This Chapter examines efforts to fight the fire in the Hazelwood mine after it ignited on 9 February 2014 and over the following 45 days until it was declared safe.
Under its Terms of Reference, the Board of Inquiry must report on the adequacy and effectiveness of the response to the Hazelwood mine fire by GDF Suez, emergency services and other relevant government agencies.
This Chapter considers the firefighting response in three phases – the initial response on 9 February 2014, firefighting between 10 and 18 February 2014, and the revised fire suppression strategy implemented from 19 February 2014.
Fire services responded to the Hernes Oak and Driffield fires effectively and successfully prevented the Hernes Oak fire from damaging property in Morwell and the Driffield fire from entering the mine (together with GDF Suez personnel).
GDF Suez was responsible for the initial response to the mine fire on 9 February 2014. GDF Suez was successful in keeping the Driffield fire from crossing the mine’s boundary at the Morwell River diversion. However, fire that did spot into the mine quickly spread in the northern batters, the eastern batters, the south-eastern batters, and the mine floor. There were also multiple fires within the mine at grass level. Mine personnel were successful in preventing the spread of the fire into the operating areas of the mine.
Firefighting was impeded because the GDF Suez reticulated fire services water system was not installed, or was only installed to a limited extent, in areas where the fire took hold. This meant that there were significant areas of the mine that were unable to be prepared or ‘wet down’ prior to the fire entering the mine and suppressed by water sprays.
By late afternoon, firefighting efforts were further impeded by the loss of power, which affected the GDF Suez reticulated fire services water system and the Emergency Command Centre. The fires were so widespread by early evening that firefighting in the worked out areas of the mine was considered too dangerous, and firefighting was limited to suppressing the fires at grass level. Fire services took command of the firefighting that evening.
The second phase of firefighting was led by fire services. Planning of a suppression strategy was undertaken across incident, regional and state levels, with GDF Suez playing a significant role. During this phase of firefighting, the mine fire was declared a HazMat incident. This phase saw the commencement of the expansion of the existing reticulated fire services water system as part of suppression efforts.
During the third phase of the firefighting effort, a new fire suppression strategy was implemented, following consultation with an expert reference group. This strategy was ultimately successful.
The Board heard evidence from GDF Suez employees about their experiences on 9 February 2014 and their involvement in firefighting over the following weeks. The Board also heard evidence from fire services personnel, including the various Incident Controllers in charge of suppression efforts over the duration of the fire. CFA volunteers also gave evidence to the Board about their experiences and observations in fighting the mine fire on 9 February 2014.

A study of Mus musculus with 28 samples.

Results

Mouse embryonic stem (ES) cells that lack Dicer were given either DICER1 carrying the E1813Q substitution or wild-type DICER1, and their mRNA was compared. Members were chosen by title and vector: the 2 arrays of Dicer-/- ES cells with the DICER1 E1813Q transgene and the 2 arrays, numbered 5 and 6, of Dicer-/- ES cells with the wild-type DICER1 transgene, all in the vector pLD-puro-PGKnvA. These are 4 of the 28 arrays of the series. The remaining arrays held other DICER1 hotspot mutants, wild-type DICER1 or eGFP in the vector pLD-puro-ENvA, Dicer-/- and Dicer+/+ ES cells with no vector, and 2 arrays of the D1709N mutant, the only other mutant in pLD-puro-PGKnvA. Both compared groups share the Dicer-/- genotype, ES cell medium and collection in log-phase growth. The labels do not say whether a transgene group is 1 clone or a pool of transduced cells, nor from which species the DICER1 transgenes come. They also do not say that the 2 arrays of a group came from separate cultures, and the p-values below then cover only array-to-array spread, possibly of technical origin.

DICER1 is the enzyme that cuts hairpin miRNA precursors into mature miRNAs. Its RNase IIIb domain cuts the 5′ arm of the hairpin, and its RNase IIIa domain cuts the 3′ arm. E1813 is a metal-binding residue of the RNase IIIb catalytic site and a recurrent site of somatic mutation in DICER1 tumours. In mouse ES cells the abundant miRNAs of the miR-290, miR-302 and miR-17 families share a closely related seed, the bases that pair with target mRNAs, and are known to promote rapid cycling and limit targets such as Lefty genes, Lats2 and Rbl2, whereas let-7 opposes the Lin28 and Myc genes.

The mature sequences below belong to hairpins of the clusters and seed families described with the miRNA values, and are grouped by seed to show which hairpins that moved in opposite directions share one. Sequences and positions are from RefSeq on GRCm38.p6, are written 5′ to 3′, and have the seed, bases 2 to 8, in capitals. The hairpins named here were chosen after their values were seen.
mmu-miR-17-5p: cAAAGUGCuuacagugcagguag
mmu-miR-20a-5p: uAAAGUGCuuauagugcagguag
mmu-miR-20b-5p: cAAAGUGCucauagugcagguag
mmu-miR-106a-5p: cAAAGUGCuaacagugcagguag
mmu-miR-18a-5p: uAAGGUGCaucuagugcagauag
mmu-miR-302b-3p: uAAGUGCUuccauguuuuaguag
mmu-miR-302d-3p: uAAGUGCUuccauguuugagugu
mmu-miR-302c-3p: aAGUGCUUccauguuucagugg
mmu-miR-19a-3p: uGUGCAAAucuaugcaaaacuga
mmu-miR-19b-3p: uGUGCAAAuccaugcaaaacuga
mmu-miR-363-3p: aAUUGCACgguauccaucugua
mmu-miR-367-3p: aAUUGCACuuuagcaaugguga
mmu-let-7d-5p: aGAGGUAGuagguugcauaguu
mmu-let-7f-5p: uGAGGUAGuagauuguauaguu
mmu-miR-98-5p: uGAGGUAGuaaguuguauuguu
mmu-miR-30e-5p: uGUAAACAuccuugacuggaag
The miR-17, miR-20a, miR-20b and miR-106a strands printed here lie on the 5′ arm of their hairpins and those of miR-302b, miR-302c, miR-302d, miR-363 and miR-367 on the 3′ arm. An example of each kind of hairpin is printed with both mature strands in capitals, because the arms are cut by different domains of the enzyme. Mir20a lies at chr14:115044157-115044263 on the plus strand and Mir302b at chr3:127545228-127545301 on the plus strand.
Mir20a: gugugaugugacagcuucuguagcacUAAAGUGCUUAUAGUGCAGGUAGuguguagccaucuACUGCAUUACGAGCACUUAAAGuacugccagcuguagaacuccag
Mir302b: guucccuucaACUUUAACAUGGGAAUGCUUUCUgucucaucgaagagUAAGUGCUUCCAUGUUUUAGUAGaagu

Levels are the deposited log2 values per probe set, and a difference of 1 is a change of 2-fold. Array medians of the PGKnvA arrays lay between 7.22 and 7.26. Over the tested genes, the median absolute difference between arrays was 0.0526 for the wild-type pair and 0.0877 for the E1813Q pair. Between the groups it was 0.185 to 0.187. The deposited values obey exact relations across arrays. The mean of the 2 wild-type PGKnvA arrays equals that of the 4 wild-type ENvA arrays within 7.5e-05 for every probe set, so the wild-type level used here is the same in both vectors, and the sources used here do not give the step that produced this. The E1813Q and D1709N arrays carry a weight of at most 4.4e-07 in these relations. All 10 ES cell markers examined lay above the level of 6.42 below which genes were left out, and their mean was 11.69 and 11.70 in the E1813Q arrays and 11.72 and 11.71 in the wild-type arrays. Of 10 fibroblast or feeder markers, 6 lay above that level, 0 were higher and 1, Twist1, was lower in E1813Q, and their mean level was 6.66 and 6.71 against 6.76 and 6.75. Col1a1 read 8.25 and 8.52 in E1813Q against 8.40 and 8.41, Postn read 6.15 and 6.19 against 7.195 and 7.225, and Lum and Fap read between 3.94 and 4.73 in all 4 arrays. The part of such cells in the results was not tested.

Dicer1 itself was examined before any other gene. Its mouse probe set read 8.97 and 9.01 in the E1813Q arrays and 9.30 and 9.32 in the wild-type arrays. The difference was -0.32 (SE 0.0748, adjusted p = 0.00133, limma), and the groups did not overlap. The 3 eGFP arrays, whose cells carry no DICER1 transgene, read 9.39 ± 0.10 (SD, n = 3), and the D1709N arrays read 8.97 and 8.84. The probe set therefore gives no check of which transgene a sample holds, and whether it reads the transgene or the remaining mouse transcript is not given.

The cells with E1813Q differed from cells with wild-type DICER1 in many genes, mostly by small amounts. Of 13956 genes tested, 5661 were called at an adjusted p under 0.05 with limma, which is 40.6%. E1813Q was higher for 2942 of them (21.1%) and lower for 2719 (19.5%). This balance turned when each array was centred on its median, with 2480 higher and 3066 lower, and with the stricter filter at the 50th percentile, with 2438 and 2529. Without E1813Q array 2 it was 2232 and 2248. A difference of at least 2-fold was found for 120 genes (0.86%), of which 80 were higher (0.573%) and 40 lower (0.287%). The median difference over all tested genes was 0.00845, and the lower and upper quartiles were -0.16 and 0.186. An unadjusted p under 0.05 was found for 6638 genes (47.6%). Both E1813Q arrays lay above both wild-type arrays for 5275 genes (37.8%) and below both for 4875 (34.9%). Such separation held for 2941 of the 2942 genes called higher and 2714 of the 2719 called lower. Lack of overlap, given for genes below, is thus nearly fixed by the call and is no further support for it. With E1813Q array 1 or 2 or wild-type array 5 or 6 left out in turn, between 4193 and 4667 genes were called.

The Board heard from expert witnesses Mr Roderic Incoll, Bushfire Risk Consultant, and Professor David Cliff, Professor of Occupational Health and Safety in the Minerals Industry and Director of the Minerals Industry Safety and Health Centre, University of Queensland. Both expert witnesses gave evidence that was critical of the initial suppression activities.
The Board had regard to the measures adopted for preparing for the risk of the mine fire by GDF Suez, including preparing Hazelwood Mine Fire Preparedness and Mitigation Plans, wetting down the mine and creating fire-breaks. The Board also considered measures taken by the State in the context of resourcing issues and other demands on the State at the time the mine fire took hold. These issues are discussed in more detail in Chapter 2.2 Preparing for fire.
The Board commends all firefighters who worked under difficult conditions to protect Hazelwood mine assets and prevent fire spreading into the operational area of the mine. The Board commends fire services for protecting the community in the Latrobe Valley from the fire on 9 February 2014 and for leading the successful suppression of the mine fire.
The Board concludes that the initial efforts of GDF Suez to suppress the fires in the northern, eastern and south-eastern batters and on the mine floor were ineffective, due in large part to the mine operator being inadequately prepared for the fire. Areas of particular concern include the limitations of the reticulated fire services water system, GDF Suez’s resourcing for fire prevention and suppression, issues with the activation of GDF Suez’s Emergency Response Plan, and power failures affecting water supply and the Emergency Command Centre.
The Board further concludes that whilst the State and GDF Suez improved their knowledge about best practice brown coal mine firefighting during the mine fire, both the State and GDF Suez remain without appropriate firefighting equipment that is readily available.
Finally, the Board concludes that the firefighting efforts could have been enhanced and greater effectiveness achieved, if the State and GDF Suez had a more integrated approach to firefighting.